2011-03-29 00:56:20NEW PAPER: Evolution of the solar irradiance during the Holocene
Spaceman Spiff
Kirk Korista
kirk.korista@wmich...
141.218.60.246

Hi everyone,

This article just appeared on the arXiv preprint service. Being an astronomer, I find the fact that astrophysics is contributing to climate science and that climate science drives advances in astrophysics to be really cool.

From the abstract:

Results. Reconstructions of the TSI over the Holocene, each valid for a di_erent paleomagnetic time series, are presented. Our analysis suggests that major sources of uncertainty in the TSI in this model are the heritage of the uncertainty of the TSI since 1610 reconstructed from sunspot data and the uncertainty of the evolution of the Earth's magnetic dipole moment. The analysis of the distribution functions of the reconstructed irradiance for the last 3000 years indicates that the estimates based on the virtual axial dipole moment are significantly lower at earlier times than the reconstructions based on the virtual dipole moment. Conclusions. We present the first physics-based reconstruction of the total solar irradiance over the Holocene, which will be of interest for studies of climate change over the last 11500 years. The reconstruction indicates that the decadally averaged total solar irradiance ranges over approximately 1.5 W/m2 from grand maxima to grand minima.

2011-03-29 02:59:38
MarkR
Mark Richardson
m.t.richardson2@gmail...
83.150.146.79

Nice!

 

I like some good solid physics. I'll check it out when I get back, thanks for the heads up. :)

2011-03-29 03:32:53interesting
dana1981
Dana Nuccitelli
dana1981@yahoo...
64.129.227.4

Yeah, very interesting paper with lots of good TSI plots!

2011-03-29 12:57:41Hockey stick
James Wight

jameswight@southernphone.com...
112.213.158.190

The graph of TSI over the last 2,500 years looks very much like a hockey stick up to circa 1950. That suggests the pre-1950 warming was mostly natural.

2011-03-29 13:29:16Note on hocky stick solar reconstruction
John Cook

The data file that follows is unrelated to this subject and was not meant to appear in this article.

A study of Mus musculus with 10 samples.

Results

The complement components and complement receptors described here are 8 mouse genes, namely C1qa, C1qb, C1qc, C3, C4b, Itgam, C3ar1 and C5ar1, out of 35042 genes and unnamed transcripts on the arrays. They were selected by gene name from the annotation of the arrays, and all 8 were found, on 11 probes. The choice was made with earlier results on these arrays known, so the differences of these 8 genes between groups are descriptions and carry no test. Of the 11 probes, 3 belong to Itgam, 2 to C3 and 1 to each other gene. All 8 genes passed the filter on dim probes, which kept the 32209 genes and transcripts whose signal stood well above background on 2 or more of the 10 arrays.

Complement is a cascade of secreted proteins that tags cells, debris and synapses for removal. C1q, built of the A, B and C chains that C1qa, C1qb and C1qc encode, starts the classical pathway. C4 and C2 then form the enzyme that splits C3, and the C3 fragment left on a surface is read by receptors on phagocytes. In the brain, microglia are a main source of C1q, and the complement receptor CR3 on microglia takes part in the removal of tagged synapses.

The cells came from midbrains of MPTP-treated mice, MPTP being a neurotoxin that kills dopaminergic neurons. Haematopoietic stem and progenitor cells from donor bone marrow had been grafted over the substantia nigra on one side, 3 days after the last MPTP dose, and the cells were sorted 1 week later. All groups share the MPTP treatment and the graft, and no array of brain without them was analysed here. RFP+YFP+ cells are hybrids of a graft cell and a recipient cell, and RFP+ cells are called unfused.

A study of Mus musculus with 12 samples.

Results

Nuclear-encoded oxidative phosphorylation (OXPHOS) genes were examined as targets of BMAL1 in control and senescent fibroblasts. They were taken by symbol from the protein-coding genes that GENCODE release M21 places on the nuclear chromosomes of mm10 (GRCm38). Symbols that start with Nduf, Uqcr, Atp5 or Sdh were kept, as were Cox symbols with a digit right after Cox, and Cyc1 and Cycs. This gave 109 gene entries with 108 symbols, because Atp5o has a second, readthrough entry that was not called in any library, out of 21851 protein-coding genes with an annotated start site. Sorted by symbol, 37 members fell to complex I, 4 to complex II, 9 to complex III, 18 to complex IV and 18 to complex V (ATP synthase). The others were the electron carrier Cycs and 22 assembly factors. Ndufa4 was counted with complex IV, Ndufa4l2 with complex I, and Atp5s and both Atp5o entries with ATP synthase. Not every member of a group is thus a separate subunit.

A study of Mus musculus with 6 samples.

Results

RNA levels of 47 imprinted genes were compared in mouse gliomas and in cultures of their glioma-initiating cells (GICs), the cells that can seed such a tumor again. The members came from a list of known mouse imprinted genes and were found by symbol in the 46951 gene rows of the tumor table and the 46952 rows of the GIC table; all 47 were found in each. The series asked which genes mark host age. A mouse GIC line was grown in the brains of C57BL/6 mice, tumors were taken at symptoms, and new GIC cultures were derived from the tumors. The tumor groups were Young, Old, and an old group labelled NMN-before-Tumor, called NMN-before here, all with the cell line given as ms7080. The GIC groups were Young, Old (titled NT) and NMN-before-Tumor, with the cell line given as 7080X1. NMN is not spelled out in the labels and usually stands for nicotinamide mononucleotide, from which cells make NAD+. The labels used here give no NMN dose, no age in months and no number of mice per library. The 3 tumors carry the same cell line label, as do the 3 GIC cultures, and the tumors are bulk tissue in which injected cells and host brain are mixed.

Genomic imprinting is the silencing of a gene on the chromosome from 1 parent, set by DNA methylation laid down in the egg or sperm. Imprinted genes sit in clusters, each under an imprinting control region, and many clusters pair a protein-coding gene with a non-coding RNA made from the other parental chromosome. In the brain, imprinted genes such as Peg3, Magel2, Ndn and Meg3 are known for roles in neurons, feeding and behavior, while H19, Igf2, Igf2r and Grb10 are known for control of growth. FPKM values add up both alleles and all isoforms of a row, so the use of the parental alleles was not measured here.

john@skepticalscience...
124.185.238.238

Two of the authors, Solanki and Krivova, have published 11,000 year reconstructions of TSI in the past and they too had a slight hockey stick shape - so I gather this work is an improvement on their earlier work. It's one of Solanki's papers Usoskin 2005 where they conclude:

"...during these last 30 years the solar total irradiance, solar UV irradiance and cosmic ray flux has not shown any significant secular trend, so that at least this most recent warming episode must have another source."

2011-03-30 01:20:10
Spaceman Spiff
Kirk Korista
kirk.korista@wmich...
141.218.60.246

Without a physical mechanism, two time-dependent trends with qualitative similarities over narrow time slices ought not be *assumed* to be connected physically.

2011-03-30 05:16:04solar hockey stick
dana1981
Dana Nuccitelli
dana1981@yahoo...
64.129.227.4

Note that their solar "hockey stick" only has TSI rising about 1 W/m2 over the past century.  As I showed in a recent blog post, that only corresponds to a temperature increase of about 0.15°C (and is probably less than the early-century CO2 warming).

Maybe I'll do a new one discussing the solar contribution to modern warming, MWP, LIA, Roman, etc. based on their reconstruction.

2011-03-30 06:18:18
Alex C

coultera@umich...
67.149.101.148

Interesting.  It appears that there was a time of similar TSI about 4000 years ago, and another about 8000-10,000 years ago (though more variable).  How did global temperatures respond then?

The MWP also seems to be during a time when TSI was not particularly high.  It seems that the general trend is decreasing from 2000 BC and on, then cutting up about a century ago.  Figures 6 and 11 show this pretty well.  The LIA is clearly during a time of low TSI.

The Roman appears to be during a time of highish TSI, but it was higher before, again during ~2000 BC.

Just observations anyways on trends.

2011-03-31 04:51:36
Spaceman Spiff
Kirk Korista
kirk.korista@wmich...
141.218.60.246

@dana1981 -- one would also need to factor in any feedbacks to that forcing. But point taken -- this (direct) forcing is small.

And in principle there might also be additional, secondary effects on Earth's energy budget associated with the long term solar cycle {e.g., the FUV flux variability and the interaction of the solar wind with Earth's magnetosphere (also time variable) and atmosphere}. The denialist camp would have us believe that these (with little more than hand-waving "arguments" for the physical mechanisms) are the whole ball of wax. This is a silly point of view, yet it would still be a good idea to nail down more precisely their importance.

2011-03-31 05:35:47feedbacks
dana1981
Dana Nuccitelli
dana1981@yahoo...
64.129.227.4

Spaceman - I did factor in feedbacks.  That's what the climate sensitivity parameter is for.  In fact I was quite conservative in using the CO2 climate sensitivity parameter (the direct solar sensitivity parameter is almost certainly lower), just in case there are some other non-TSI effects (like cosmic rays) which amplify the solar effect on global temperatures, which as you noted, is possible.